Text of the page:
Olympian becomes first woman to win gold in 2 separate sports at Winter Games
Winning an Olympic gold medal is quite a feat.
Winning more than one gold medal in the Olympics is something few athletes ever accomplish.
Winning two gold medals in the same Olympics in different sports? Almost unheard of.
In fact, it had never been done by a woman in the history of the Winter Games — until Saturday.
Czech snowboarder Ester Ledecka took home the gold medal in parallel giant slalom snowboarding, one week after she claimed gold in the super G downhill ski event.
Ledecka becomes the first woman, and fifth athlete overall, to ever win gold medals in different sports at a Winter Olympics.
When asked if her historic accomplishment made her the “queen of the games,” Ledecka seemed hesitant to answer.
“I don’t feel like that, but it sounds good, for sure,” she said.
In a time when young athletes are groomed to focus on one sport, Ledecka broke the mold. She has loved skiing and snowboarding since she was a child and wanted to excel at both.
Ester Ledecka becomes the first woman to win two #gold medals in two different sports in the same #WinterOlympics!! pic.twitter.com/nXQCo8Vpdg
— #TokyoOlympics (@NBCOlympics) February 24, 2018
“I love racing,” the 22-year-old Olympian said. “This is the best thing about my job — the racing. I just feel good in my bubble and focus on myself, my riding and I think it helps me.”
For Ledecka, the best thing about her accomplishment is not that it places her in the history books, but rather that it proves those who tried to get her to choose one sport over the other were wrong.
“There were so many of them who tell me this is not possible,” Ledecka said. “And today, I proved it possible.”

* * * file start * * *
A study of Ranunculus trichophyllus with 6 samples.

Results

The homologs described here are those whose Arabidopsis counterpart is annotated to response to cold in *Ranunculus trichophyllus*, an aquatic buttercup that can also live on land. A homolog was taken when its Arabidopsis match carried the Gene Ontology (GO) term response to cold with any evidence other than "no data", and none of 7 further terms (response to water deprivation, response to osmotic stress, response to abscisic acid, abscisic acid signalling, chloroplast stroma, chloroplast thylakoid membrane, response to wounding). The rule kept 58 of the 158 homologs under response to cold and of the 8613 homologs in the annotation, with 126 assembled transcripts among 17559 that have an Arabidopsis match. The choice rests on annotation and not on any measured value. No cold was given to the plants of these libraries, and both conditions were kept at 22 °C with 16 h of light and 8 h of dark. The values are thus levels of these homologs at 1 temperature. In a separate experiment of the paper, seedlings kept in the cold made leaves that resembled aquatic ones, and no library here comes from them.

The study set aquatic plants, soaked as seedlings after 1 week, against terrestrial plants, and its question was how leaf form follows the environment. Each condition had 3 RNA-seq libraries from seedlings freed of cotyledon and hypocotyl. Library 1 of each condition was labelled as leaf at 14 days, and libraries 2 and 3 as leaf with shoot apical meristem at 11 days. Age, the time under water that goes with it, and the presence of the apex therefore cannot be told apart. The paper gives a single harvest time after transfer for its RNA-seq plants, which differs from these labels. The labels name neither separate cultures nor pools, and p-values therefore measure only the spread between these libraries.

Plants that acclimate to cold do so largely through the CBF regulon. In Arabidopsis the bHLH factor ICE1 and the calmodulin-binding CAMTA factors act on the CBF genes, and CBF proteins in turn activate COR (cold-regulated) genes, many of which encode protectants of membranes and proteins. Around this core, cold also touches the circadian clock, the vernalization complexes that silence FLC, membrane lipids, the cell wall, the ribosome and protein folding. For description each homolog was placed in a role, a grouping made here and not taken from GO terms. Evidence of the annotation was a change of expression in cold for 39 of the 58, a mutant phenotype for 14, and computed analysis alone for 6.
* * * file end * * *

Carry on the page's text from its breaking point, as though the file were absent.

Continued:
Among those who didn’t think it was possible was her coach.
“I always doubted the ability to do both,” Justin Reiter, an American snowboarder who competed in the 2014 Olympics, told The Washington Post. “But I think it was a big deal for us this year to stop the fighting of trying to pull her toward one direction and saying, ‘Hey, let’s just do what you want.’ That was the No. 1 focus for the year: to create a champion and not a racehorse. Empower her so that she could make her decisions, her own choices, and support them.”
U.S. skiing star Mikaela Shiffrin — whose skis Ledecka borrowed for the super G downhill — said Ledecka’s accomplishments should be a lesson for parents and young athletes.
“There’s a million different personalities, a million different ways to go about that kind of success,” Shiffrin said. “The one thing that does not change is perseverance and hard work. Ester was maybe the best example of that in this Games.
“She hasn’t been just solely focusing on skiing. She didn’t specify Alpine skiing in her sports repertoire when she was 8 years old because she wanted to be the Olympic champion. But if she can find the similarities between her sport and actually help build and improve with one sport on to the other, then that’s maybe the most important thing you can take away from it — for young kids to enjoy what they’re doing and be passionate.”